Divination and Omen
“They practiced divination and sought omens and sold themselves to do evil in the eyes of the LORD, arousing his anger.” 2 Kings 17:17
It was natural for people to want to know what would happen to them in the future and to seek illumination and guidance from the divine so that they could better control or plan their future affairs. Dealing with the unknown was a frightening thing for them then; and it’s still the case for us now. We do sometimes find ourselves seeking to know our future by consulting with fortune-tellers or other sources of information. During the severe drought in Lubbock, I have often found myself looking at the weather report, forecasting what would happen in the next days and weeks, searching for a hint of rain in the air. Of course it was often wrong.
Even though I have no control over the weather, I still want to know what it is going to be like, so that I can better prepare for the future, be it sunny or rainy; I hate to be caught unprepared. By the same token, we desire to know our future not because we are capable of changing or controlling it; we merely want to be prepared.
As far as our health is concerned, we want to know the condition of our health so that we can catch something before it becomes serious. That’s the whole point of privative medicine, I suppose. The crux of the matter is: doctors are not omniscient and we are in many ways the subjects of their practice; their knowledge of the state our future health is still a hit and miss proposition and to put our trust entirely in them is a dangerous thing. This Chinese saying, I believe, is quite sound advice concerning God’s sovereignty and human responsibility- “doing what humanly can be done and be obedient to what God has commanded (盡人事, 聽天命.)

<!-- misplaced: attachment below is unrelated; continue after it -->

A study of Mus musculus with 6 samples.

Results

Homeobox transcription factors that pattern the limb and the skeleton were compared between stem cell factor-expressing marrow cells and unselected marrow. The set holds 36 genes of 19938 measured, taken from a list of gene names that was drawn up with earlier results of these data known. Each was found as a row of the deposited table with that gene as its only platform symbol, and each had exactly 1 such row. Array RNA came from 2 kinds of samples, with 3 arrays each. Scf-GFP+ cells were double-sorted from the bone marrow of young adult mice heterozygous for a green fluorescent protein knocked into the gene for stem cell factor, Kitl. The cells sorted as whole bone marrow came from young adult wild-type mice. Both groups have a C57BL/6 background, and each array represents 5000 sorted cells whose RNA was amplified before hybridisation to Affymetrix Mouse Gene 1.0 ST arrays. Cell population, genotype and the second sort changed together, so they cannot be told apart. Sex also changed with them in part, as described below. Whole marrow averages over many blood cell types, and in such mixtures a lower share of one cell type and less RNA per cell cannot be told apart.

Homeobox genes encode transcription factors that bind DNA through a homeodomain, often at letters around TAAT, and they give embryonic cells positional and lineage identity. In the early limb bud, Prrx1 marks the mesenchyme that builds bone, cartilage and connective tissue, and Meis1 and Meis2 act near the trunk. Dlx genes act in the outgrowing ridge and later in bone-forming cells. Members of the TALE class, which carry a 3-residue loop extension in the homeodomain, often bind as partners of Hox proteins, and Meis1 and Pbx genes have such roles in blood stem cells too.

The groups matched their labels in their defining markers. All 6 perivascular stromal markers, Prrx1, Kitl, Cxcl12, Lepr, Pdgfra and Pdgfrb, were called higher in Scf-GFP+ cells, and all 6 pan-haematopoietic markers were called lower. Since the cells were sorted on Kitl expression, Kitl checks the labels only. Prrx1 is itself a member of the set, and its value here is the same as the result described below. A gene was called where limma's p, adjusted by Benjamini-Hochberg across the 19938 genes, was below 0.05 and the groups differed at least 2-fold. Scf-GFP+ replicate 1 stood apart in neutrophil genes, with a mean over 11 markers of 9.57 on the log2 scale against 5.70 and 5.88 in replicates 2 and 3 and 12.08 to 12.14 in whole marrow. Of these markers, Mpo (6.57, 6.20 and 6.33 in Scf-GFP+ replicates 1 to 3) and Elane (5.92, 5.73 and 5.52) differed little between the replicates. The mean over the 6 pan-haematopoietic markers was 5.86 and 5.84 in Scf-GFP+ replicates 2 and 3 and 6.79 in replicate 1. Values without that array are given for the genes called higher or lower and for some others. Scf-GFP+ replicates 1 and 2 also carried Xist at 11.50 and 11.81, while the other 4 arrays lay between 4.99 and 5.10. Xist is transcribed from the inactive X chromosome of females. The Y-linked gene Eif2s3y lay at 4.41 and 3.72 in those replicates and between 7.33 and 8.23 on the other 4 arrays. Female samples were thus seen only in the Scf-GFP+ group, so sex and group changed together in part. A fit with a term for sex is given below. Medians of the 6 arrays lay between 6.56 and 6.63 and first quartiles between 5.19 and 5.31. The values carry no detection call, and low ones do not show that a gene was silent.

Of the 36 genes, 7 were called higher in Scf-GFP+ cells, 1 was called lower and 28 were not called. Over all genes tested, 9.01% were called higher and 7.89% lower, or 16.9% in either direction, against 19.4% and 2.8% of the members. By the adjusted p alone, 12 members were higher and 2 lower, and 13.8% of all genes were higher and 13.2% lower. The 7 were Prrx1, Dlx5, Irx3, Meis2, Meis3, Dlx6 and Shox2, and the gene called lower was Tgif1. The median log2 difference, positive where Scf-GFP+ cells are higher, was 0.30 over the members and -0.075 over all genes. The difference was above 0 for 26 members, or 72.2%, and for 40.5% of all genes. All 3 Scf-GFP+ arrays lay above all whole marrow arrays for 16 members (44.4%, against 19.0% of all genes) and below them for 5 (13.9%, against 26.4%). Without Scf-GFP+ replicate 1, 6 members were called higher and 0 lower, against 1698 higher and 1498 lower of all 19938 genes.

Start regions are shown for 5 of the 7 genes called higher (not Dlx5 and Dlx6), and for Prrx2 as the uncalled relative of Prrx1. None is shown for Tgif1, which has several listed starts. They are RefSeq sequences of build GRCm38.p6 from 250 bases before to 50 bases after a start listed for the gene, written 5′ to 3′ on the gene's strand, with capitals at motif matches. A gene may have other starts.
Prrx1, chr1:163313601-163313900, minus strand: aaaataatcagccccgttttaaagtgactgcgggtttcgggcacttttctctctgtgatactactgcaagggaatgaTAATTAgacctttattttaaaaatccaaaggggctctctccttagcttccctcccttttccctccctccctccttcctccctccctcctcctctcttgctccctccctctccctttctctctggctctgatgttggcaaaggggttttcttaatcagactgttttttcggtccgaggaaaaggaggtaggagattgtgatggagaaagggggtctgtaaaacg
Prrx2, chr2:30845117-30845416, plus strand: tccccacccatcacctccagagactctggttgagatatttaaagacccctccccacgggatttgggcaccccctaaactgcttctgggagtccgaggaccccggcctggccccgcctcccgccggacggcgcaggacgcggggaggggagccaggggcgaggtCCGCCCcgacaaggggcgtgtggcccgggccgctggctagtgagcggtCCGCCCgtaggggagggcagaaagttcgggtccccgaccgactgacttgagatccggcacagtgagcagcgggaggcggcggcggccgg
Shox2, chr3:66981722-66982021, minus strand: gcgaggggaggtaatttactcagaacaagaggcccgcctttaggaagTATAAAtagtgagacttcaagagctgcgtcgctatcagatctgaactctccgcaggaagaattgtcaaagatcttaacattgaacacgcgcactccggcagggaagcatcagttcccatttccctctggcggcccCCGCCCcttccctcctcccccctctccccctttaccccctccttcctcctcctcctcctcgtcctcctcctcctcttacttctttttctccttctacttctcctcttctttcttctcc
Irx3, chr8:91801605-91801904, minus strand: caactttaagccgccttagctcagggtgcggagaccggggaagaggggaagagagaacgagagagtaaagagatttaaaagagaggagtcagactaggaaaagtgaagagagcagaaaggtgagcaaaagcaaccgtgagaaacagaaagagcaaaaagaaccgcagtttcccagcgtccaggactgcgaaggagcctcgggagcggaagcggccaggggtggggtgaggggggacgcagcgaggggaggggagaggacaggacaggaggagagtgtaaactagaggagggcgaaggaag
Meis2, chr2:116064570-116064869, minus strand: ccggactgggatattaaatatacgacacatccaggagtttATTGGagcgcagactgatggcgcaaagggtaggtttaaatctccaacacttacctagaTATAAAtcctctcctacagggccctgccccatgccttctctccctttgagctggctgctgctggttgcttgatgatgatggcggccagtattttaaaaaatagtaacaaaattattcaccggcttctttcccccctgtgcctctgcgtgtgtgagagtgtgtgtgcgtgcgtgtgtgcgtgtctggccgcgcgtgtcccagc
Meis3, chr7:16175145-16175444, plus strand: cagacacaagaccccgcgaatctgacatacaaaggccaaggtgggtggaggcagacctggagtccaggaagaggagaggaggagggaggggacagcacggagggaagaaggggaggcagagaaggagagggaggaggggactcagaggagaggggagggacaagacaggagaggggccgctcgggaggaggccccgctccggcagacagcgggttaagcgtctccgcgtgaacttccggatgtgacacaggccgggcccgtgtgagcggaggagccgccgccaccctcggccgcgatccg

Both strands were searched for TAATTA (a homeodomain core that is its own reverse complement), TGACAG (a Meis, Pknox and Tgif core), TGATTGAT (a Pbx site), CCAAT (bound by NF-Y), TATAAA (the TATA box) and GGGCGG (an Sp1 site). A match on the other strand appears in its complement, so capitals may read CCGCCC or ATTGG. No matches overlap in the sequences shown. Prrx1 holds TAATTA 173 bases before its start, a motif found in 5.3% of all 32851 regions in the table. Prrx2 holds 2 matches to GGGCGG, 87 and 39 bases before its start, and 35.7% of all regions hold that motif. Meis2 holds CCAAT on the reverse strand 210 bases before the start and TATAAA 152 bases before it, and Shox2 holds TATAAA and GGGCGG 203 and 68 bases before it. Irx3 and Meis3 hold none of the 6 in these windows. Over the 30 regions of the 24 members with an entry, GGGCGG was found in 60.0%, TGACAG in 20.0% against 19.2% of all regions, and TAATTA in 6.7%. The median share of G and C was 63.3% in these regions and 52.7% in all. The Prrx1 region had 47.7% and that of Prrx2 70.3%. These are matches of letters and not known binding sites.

There is nothing wrong with being curious about what will transpire in our future; what’s displeasing to God is to whom or what we turn for the secret information. Divination and omen-seeking are mostly connected with idolatry, which is something we must avoid. In fact, turning to the Lord for fortune-telling or information about our future is offensive to God, since he has told us clearly not to be so concerned about tomorrow. Besides, knowing our affairs of tomorrow only increases our anxiety and robs us of our peace today. The Lord gave King Hezekiah an extra fifteen years on earth, but it wasn’t necessarily a blessing, for from then on he was probably counting down the days before his passing, which wasn’t a good way to live, was it? Not knowing about our future is better than knowing in so many ways.
“I don’t know about tomorrow, but I know who holds my hand.” We may long to lead our life by sight, but the Christian life is still a life of faith, in which we exercise our trust in the Lord daily. The Israelites of old sought to take control over their own destiny by listening to pagan gods and demons to reveal to them their future, and thus provoking God’s anger, for it was a clear sign of distrust and disbelief in the Lord.